As you go about your home maintenance routine this spring, remember to pay attention to your windows, balconies, doors and exterior paintwork. It’s vital to keep these in tip-top condition, as hot and cold temperatures, wind, rain and dirt take their toll. Here are some maintenance tips to help you keep everything shipshape.
All your windows and doors should be inspected on a regular basis. Repaint wooden windows wherever the existing paint is blistering, peeling or flaking. Preparation is key, so make sure the existing paint has been removed and the surface smoothly sanded. For windows that are too high up to safely reach from the outside, consider using a professional company such as MC Property Maintenance.
It’s best to remove doors for painting so that all the edges, the bottom and the letter plate opening, can be properly primed and finished. If the door has glass panes, replace any bits of missing or defective putty, being careful not to damage the glass.
- Check for rotten wood, particularly at the bottom of windows, doors and window sills.
- Check the condition of all joints.
- Check for any loose, cracked or missing bits of putty.
- Open windows and doors to ensure they move freely.
- On sash windows, open weight pockets to check for any obstructions and signs of damp.
- Check for draughts when overhauling windows and doors.
It’s a good idea to inspect your windows (and doors) thoroughly every spring. Check all the window frames. Use a metal probe to look for signs of damp and rot. If you have double or triple-paned windows, check for any signs of moisture. If you notice small water droplets, this means the seal has failed and should be replaced. A failed seal reduces the insulation capacity of your windows.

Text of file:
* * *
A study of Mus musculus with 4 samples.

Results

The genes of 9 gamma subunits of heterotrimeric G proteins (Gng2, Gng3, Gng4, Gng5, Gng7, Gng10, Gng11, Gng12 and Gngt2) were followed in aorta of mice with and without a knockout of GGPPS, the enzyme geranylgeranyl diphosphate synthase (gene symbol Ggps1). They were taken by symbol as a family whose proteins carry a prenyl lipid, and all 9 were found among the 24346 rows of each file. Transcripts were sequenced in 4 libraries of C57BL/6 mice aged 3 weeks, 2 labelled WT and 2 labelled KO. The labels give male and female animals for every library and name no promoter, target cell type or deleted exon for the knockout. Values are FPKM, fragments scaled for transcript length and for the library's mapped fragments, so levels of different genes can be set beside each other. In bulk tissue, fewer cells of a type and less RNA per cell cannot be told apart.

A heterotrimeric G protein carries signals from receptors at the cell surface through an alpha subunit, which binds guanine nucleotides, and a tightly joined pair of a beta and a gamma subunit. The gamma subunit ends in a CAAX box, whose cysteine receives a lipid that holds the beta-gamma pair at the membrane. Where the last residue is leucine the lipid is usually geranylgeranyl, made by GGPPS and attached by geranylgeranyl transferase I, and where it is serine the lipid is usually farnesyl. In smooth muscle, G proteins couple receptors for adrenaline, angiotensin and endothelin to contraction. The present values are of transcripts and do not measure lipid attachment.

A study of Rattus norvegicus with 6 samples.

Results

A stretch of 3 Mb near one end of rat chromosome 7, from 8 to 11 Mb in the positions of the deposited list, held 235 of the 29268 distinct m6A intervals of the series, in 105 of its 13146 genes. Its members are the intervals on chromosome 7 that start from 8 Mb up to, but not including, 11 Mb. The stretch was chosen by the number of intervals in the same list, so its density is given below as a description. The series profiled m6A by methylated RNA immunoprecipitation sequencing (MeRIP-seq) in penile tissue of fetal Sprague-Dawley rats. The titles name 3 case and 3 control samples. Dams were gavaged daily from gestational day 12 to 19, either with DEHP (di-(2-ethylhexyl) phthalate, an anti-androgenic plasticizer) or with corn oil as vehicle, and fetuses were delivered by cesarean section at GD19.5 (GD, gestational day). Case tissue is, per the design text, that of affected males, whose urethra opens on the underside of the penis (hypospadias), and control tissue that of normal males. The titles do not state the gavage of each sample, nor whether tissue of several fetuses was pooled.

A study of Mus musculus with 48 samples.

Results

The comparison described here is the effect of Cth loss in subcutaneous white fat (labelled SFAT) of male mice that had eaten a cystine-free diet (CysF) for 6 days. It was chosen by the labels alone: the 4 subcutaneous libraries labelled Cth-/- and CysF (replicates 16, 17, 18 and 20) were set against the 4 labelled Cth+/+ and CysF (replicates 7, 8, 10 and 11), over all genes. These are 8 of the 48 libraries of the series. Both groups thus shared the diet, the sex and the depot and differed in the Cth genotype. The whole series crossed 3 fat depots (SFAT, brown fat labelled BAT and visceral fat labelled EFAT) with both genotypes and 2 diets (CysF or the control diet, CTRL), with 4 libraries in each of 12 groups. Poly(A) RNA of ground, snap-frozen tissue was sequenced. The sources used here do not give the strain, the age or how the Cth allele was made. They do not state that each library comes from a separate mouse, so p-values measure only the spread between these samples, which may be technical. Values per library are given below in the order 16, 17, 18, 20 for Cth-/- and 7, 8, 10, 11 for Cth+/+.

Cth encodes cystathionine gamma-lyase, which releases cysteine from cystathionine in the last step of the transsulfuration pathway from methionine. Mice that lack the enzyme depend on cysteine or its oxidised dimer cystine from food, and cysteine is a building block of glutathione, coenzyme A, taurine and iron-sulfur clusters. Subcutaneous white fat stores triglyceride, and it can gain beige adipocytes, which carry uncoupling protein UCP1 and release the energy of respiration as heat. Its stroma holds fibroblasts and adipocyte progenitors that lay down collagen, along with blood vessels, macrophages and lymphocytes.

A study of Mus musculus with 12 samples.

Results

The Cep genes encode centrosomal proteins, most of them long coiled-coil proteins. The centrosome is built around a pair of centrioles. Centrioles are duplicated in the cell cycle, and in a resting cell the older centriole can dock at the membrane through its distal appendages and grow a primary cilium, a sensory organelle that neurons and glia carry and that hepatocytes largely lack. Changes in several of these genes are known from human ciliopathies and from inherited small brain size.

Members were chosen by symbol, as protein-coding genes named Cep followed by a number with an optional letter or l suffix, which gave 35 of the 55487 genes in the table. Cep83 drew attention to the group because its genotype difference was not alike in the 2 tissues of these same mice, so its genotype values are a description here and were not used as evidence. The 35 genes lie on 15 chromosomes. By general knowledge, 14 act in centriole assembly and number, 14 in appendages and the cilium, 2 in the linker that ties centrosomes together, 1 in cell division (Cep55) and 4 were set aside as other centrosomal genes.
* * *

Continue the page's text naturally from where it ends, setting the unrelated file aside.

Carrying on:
The sun can be a problem, causing paint to become dry and brittle and start to flake or peel off the surface. Repaint where necessary as soon as possible. Check the condition of weather stripping on your windows and replace these if they’re worn. Lastly, make sure there are no gaps between the window casings and walls. If there are, use a latex caulk to fill these in.
Cold air will come into your home through any small gaps around your windows, and result in a loss of the warm air inside. This reduction in energy efficiency will lead to higher energy bills, so replace all the worn out rubber seals and, if needed, use spray-foam insulation or caulk to help seal up the windows.
If you have wooden or metal window frames, it’s a good idea to repaint these every 3-4 years. This helps protect them from the elements and also maintains their appearance. Always apply paint to windows that have been properly cleaned, and don’t paint over any moving parts. It’s also important to keep the windows open while you paint, otherwise they will stick.
Fill any cracks and holes in the window frames promptly. The longer you to take to fix these, the more they will deteriorate. If you have wooden windows, use a screwdriver to clean out the rotten wood, before filling with putty. When the putty has dried, sand the surface, then apply primer and paint.
If you have a concrete balcony, check for any damage or cracks. Water leaking into the floor of a balcony will corrode the steel reinforcing and can cause major damage. Also, make sure water is running off the balcony properly and isn’t pooling. If you have a wooden-floored balcony, inspect it regularly for any damp or rotten timbers and be careful not to overwater any pot plants you have sitting on the balcony.
Check to see if any of the exterior areas or elevations need to be repainted. If so, select a dry time of year to paint the outside of your house, and buy the best quality paint you can afford – you’ll get better coverage and the paint lasts a lot longer.
Because paint doesn’t adhere very well to dirty or oily surfaces, clean the walls thoroughly and allow to dry. Scrape off, or sand, any flaking paint, and then apply a good coat of primer. When the primer’s dry, sand the area again carefully and paint on your colour coats. Always start at the top and work your way down, as this helps control paint streaking.